Republicans spent the week speaking in opposition to Donald Trump's feuds and conspiracy theories
Kevin McCarthy and Donald Trump (Photos: Screen capture and Shutterstock)

Republicans were forced into awkward positions over the week where they refused to denounce the false information President Donald Trump said, but they issued a correction.


Axios captured the laundry list of corners GOP officials were backed into beginning with masks. Trump has refused to wear a mask for unknown reasons, and many of his followers have followed suit, leading to thousands ignoring CDC-recommended precautions to reenter society as COVID-19 continues to ravage the world.

Senate Majority Leader Mitch McConnell (R-KY) refused to follow Trump's example and slapped on his own mask to protect himself.

"There should be no stigma attached to wearing a mask," said McConnell, defying Trump.

Gov. Mike DeWine (R-OH) similarly argued that wearing a mask is "about loving your fellow human being. … You are not wearing it so much for yourself as you are wearing it for that person that you will come in contact with."

Then there's the matter of Trump's conspiracy theory about MSNBC host Joe Scarborough, who Trump claims murdered an intern.

"We're in the middle of a pandemic. He's the commander in chief of this nation. And it's causing great pain to the family of the young woman who died," said House Republican Conference Chair Liz Cheney (R-WI), in response to the president's accusations. Scarborough was not at fault for the death of his staffer, according to the medical examiner. The family has begged for Trump and his allies to stop spreading misinformation as they carry their grief.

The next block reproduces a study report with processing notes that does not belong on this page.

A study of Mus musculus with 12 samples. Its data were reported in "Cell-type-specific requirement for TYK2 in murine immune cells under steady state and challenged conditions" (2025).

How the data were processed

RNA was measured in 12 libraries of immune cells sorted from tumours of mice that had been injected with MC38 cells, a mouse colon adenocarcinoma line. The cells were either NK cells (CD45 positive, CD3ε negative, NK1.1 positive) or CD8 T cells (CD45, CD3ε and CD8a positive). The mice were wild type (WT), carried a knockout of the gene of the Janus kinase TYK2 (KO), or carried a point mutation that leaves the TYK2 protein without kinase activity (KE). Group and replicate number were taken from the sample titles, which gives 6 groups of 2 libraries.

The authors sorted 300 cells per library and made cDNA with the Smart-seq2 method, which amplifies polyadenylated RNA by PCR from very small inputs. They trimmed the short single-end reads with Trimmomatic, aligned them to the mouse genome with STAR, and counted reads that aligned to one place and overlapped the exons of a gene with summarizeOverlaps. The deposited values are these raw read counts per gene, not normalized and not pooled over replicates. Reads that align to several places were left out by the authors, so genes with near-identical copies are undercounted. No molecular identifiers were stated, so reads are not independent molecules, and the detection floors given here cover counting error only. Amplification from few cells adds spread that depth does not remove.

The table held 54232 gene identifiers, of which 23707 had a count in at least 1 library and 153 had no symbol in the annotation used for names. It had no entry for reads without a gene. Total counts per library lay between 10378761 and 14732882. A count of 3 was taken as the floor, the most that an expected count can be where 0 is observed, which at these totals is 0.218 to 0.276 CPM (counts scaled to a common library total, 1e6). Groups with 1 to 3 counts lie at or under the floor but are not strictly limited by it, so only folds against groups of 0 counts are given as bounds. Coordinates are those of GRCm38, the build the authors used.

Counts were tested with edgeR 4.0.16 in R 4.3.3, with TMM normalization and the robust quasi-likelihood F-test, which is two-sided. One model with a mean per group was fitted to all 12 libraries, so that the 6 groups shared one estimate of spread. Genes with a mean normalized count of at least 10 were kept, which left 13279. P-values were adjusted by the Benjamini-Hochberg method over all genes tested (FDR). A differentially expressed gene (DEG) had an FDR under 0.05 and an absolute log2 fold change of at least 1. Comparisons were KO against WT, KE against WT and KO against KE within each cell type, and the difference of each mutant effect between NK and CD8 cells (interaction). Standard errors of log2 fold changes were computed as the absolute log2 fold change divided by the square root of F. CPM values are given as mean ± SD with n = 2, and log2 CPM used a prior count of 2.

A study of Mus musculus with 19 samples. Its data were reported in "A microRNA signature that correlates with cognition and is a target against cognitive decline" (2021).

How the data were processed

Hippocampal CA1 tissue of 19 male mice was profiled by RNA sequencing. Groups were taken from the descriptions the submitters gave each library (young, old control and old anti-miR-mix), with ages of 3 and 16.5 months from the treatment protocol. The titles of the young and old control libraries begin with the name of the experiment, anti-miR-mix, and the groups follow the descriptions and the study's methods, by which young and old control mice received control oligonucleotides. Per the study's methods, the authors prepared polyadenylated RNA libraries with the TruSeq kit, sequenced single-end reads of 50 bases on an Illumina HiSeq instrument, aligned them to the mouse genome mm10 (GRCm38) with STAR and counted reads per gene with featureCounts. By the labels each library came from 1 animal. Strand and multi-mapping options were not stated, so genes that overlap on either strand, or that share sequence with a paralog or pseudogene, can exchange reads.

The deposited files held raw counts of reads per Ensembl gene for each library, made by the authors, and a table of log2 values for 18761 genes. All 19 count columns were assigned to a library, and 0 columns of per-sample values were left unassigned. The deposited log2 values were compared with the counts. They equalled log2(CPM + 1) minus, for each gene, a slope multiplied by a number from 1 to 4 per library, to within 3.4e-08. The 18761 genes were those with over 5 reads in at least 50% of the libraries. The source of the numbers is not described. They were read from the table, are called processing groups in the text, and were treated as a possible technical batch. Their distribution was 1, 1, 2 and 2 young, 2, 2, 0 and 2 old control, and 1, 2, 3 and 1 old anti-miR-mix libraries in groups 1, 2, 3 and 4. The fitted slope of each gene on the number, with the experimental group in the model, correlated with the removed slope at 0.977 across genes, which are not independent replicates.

The vote by mail scandal has been another problem for the GOP as the party has long depended on vote by mail in many red states and districts. If Trump's conspiracy theory spreads, it could diminish the number of Republicans voting in November because they don't have the time and don't trust the vote by mail system.

"For over a century, Nevadans, including members of the military, citizens residing outside the state, voters in designated mailing precincts, and voters requesting absentee ballots, have been voting by mail with no evidence of election fraud," said Nevada's Republican secretary of state, Barbara Cegavske.

Even Trump's war against the World Health Organization went over like a lead balloon. Sen. Lamar Alexander (R-TN), who chairs the health committee, came out against the president's decision to pull funding from the WHO.

Once protests began in Minneapolis, Trump was quick to take to Twitter to urge police to shoot first and ask questions later. McConnell, by contrast, encouraged "our city, our state, and our country have to pull together."